Andy Clark / Reuters
Fire-clearance of mountain beetles in British Columbian pine forests
  • Samanth Subramanian
By Samanth Subramanian

Looking into the Future of Capitalism

Published

Lumber is in such short supply in the US that its prices have skyrocketed to an all-time high—so much so that the expense of building the average single-family home has risen by $24,000 since last April to reflect the cost of wood.

The reason, in significant part, is the changing climate—and how it enabled a beetle species to infest forests in the Canadian province of British Columbia years ago.

The steep rise in lumber prices illustrates the uncommon nature of the pandemic economy: a seizing-up of supply, but a constant simmer of demand that is now exploding as countries re-open. In the US, since the spring of 2020, the price of lumber has risen by more than 180%, according to the National Association of Home Builders (NAHB). Futures contracts in lumber now hover around $1,000 per thousand feet of board, nearly four times their April 2020 prices.

On Twitter, Robert Dietz, the chief economist of the NAHB, noted that around 81,000 new homes across the US are awaiting construction in part because of the rising cost of materials like lumber. The NAHB and other housing industry associations have written to the US government, seeking “immediate remedies.”

“I was alive for the last boom like this, but just barely,” says Paul Jannke, a principal at Forest Economic Advisors. “Adjusted for inflation, the last time we saw something like this was in the early 1970s. Since then, in the lifetime of pretty much anyone working in the industry, this hasn’t happened.”

Why there’s a shortage of wood

Lumber has one aspect of its story in common with other sectors of the pandemic economy, particularly manufacturing. Early in 2020, sawmills first ground to a halt, anticipating a crash in demand. Then it turned out that people still wanted wood—to repair or renovate their homes during lockdown, or to build new homes outside cities. Interest rates were, and continue to be, low; it was a good time to finance and construct new houses.

So the sawmills started up again around July. “But it was difficult to ramp up,” Jannke says. “You’re running your mill, someone tests positive, you have to shut down and test and so on. Maybe people have to quarantine, and you lose a portion of your workforce.”

But the shortfall in supply is also part of an older saga, involving Dendroctonus ponderosae: the mountain pine beetle, a quarter-inch insect with a shiny black exoskeleton. The beetle has been in Canadian forests for decades, but they’re usually kept in check by cold winters, said Kevin Mason, managing director of ERA Forest Products Research, a Montreal-based research company.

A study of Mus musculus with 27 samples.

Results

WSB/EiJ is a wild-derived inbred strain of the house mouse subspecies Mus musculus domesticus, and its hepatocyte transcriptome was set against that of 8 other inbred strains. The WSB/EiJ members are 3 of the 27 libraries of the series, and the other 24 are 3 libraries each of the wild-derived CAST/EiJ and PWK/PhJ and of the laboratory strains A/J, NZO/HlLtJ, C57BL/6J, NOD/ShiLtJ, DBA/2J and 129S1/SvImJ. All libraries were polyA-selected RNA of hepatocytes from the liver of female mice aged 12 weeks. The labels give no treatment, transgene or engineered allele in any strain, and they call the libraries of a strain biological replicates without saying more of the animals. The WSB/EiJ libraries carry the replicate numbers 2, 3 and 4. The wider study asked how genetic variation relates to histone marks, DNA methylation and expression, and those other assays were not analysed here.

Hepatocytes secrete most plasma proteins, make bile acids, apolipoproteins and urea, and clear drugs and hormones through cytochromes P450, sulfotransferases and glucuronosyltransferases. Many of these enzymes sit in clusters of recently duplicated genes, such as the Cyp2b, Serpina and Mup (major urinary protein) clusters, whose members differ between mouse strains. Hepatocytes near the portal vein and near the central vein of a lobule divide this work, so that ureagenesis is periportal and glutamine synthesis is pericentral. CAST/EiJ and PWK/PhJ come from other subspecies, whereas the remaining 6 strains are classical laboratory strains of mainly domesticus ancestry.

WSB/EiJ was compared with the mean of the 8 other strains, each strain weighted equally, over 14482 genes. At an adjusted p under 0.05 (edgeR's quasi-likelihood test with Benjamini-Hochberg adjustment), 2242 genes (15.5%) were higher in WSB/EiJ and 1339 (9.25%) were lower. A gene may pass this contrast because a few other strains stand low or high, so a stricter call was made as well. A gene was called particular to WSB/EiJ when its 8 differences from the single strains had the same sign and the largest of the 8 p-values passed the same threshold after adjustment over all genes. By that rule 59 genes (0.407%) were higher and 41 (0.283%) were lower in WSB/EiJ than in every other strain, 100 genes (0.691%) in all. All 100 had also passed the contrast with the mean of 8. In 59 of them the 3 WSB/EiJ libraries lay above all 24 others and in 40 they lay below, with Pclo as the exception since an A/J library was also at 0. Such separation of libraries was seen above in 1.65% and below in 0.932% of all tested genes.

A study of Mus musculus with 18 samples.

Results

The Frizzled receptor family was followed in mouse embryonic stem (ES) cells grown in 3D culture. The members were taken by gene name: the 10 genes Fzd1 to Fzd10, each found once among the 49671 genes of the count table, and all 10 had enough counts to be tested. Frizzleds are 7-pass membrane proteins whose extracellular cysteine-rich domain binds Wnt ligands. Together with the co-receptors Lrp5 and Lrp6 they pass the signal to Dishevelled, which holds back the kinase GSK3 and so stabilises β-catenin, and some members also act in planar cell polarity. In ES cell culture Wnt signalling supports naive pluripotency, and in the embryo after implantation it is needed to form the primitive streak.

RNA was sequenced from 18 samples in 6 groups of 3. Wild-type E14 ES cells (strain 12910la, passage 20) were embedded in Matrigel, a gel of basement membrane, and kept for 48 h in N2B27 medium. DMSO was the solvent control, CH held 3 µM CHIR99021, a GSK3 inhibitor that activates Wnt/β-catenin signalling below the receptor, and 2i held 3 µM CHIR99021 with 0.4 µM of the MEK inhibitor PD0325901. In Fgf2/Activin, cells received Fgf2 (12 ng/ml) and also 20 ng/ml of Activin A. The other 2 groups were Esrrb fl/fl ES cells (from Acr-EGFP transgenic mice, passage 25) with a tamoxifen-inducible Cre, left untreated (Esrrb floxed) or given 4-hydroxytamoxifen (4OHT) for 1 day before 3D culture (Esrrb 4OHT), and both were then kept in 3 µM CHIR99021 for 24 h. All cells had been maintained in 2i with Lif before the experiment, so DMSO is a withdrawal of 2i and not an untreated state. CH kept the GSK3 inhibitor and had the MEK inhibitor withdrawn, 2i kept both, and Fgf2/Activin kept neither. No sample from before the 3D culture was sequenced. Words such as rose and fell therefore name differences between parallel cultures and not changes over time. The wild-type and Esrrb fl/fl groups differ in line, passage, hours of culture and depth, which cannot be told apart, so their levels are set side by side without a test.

But in the late 1990s, the beetles started to live longer and reproduce quicker—an outcome, scientists believe, of a warming climate. They swarmed through the pines of British Columbia, attacking more than 44 million acres of forest, an area four times the size of Switzerland. “You could go up in an airplane above British Columbia and see the damage,” Mason said. “I’m a little color-blind, but others could see it better than me. The dead pines had a red tinge to them, so you could fly an hour and just see this red kill.”

Before the infestation, British Columbia used to provide 15-17% of the lumber going into US markets, making up half of Canada’s lumber exports across the border. After the infestation, those numbers dropped, Mason said: “There were points where, for British Columbia, the figure was below 10%, and Canada now is at around 25%.

The after-effects of the infestation

Many pines killed by the beetle could still be harvested for a period of 5-10 years, and the government of British Columbia offered incentives to the industry to process these dead trees. Mason thinks roughly 800 million cubic meters of dead pine was harvested over a period of 15-odd years, until 2015 or thereabouts. But once that was done, forests had to regrow.”We’re talking about a diminished harvest in British Columbia for decades,” Mason says.

The supply of “fibre”—the lumber industry ‘s term for harvested wood—slowed so much that many sawmills shut down. In fact, Mason thinks that, for a normal year, there are still too many sawmills operating relative to demand. “There’s still another billion board feet of capacity that needs to come out of British Columbia.”

Through most of the last decade, the slowed supply of lumber from British Columbia matched a lethargy in demand in the US. In 2005, the US consumed nearly 65 billion board feet of wood, but after the recession hit, demand hit a trough in 2009: 33 billion board feet. Things recovered very slowly, Jannke said. “In 2019, it was barely back to 50 billion.”

Jannke suspects that, last year, demand for lumber in the US was between 52 and 55 billion board feet, still far below the peak of 2005. In an ordinary year, those needs would have been easily met. But the combination of the pandemic and the shrunken capacity of British Columbian production have muffled supply.

“I think prices will be volatile, but they’ll continue to be high for the next three or four or five years,” Mason says. “You can’t start up new sawmills overnight. And if you go to the equipment makers, there’s a waiting list for some pieces of equipment of two or three years.”

One of the US’s options is to import more lumber, particularly from Europe, which has stock in surplus. Over the past five years, Austria, Germany and the Czech Republic have had to harvest nearly 250 million cubic metres of spruce damaged by another bark beetle infestation, this too brought on by the warming climate. Ironically, if one beetle has depressed wood supplies to the US, another may yet elevate it.